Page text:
A lawsuit has been filed over a newly signed state law that bans abortion at the point a Down Syndrome diagnosis is made. This legal challenge might mean the law could be put on hold.
Emily Chestnut of Cincinnati has a six-year-old daughter who has Down syndrome. Sitting before reporters with Nora in her lap, Chestnut explains why she thinks the abortion ban shouldn’t be allowed to take effect.
“When they signed this bill, Governor Kasich and state legislators used my child as a political tool to promote their own agenda. They don’t care about Nora. If they did, they would be using their valuable time to ensure every child born with Down Syndrome has what they need to live a healthy full life.”
Chestnut says Down Syndrome children usually require health care services and long-term therapies that are generally not supported by lawmakers who passed this new law. And Chestnut also says she supports a lawsuit filed by the American Civil Liberties Union of Ohio. The ACLU wants a U.S. District Court to stop the new law signed by Gov. John Kasich at the end of last year from going into effect next month. Ohio Right to Life’s Mike Gonidakis:
“This comes as no surprise. Of course, the ACLU serves as the private legal counsel for the abortion industry. You know, the American Civil Liberties group truly focuses on abortion and abortion on demand.”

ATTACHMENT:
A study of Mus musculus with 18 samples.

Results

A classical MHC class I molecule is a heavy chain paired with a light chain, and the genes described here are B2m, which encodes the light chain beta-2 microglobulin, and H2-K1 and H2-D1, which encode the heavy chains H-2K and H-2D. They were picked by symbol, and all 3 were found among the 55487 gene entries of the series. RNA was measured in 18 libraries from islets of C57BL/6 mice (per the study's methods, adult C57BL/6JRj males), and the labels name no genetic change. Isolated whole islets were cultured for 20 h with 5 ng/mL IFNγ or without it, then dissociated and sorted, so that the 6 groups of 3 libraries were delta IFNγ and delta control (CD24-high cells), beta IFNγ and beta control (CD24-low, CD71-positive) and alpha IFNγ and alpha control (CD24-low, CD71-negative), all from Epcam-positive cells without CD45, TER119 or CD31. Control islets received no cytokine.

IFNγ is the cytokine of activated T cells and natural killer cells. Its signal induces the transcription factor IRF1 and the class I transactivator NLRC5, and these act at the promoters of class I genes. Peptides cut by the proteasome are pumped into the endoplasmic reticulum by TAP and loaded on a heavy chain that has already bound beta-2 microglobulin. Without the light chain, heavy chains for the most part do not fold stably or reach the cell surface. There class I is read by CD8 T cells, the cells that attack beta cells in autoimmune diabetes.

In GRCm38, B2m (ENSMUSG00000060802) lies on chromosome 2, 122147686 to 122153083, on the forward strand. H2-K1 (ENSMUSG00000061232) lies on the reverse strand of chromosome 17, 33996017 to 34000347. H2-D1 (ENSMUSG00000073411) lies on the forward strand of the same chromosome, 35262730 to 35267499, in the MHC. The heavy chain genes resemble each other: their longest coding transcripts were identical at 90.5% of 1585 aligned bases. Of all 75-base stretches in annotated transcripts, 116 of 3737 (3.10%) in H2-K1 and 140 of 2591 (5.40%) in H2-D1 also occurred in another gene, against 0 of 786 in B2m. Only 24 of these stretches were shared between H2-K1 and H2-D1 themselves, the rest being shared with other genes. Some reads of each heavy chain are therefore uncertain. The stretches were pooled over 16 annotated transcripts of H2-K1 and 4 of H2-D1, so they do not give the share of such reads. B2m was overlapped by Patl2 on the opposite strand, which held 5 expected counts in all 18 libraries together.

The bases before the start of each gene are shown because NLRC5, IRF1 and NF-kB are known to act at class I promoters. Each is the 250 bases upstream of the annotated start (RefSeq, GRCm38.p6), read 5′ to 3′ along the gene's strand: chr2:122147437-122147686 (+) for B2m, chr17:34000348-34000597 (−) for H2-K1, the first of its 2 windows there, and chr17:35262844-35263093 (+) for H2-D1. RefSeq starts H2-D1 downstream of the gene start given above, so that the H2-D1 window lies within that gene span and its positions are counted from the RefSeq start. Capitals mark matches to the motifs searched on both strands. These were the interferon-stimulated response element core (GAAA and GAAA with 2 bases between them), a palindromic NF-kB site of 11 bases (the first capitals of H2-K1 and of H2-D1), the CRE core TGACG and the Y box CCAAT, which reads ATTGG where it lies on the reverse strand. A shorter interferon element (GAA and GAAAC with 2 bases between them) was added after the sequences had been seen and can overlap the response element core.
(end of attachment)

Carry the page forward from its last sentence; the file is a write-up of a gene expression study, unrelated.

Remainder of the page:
Gonidakis says this new law is about preventing discrimination for disabilities.
“Look. The law is simple. It protects people with special needs. It’s more of an anti-discrimination bill than it is an abortion bill but the ACLU is saying no. The organization for which they stand for now says that doesn’t apply if its abortion-related.”
The ACLU’s Freda Levenson says this new law merely masquerades as an anti-discrimination bill.
“The law is not part of a broader legislative package to advance the interests of disability rights community. It’s just the most recent piece in a large strategic campaign to restrict and ultimately, eliminate, abortion access in Ohio.”
The ban is set to go into effect on March 22nd. A similar law in Indiana has been put on hold by courts there.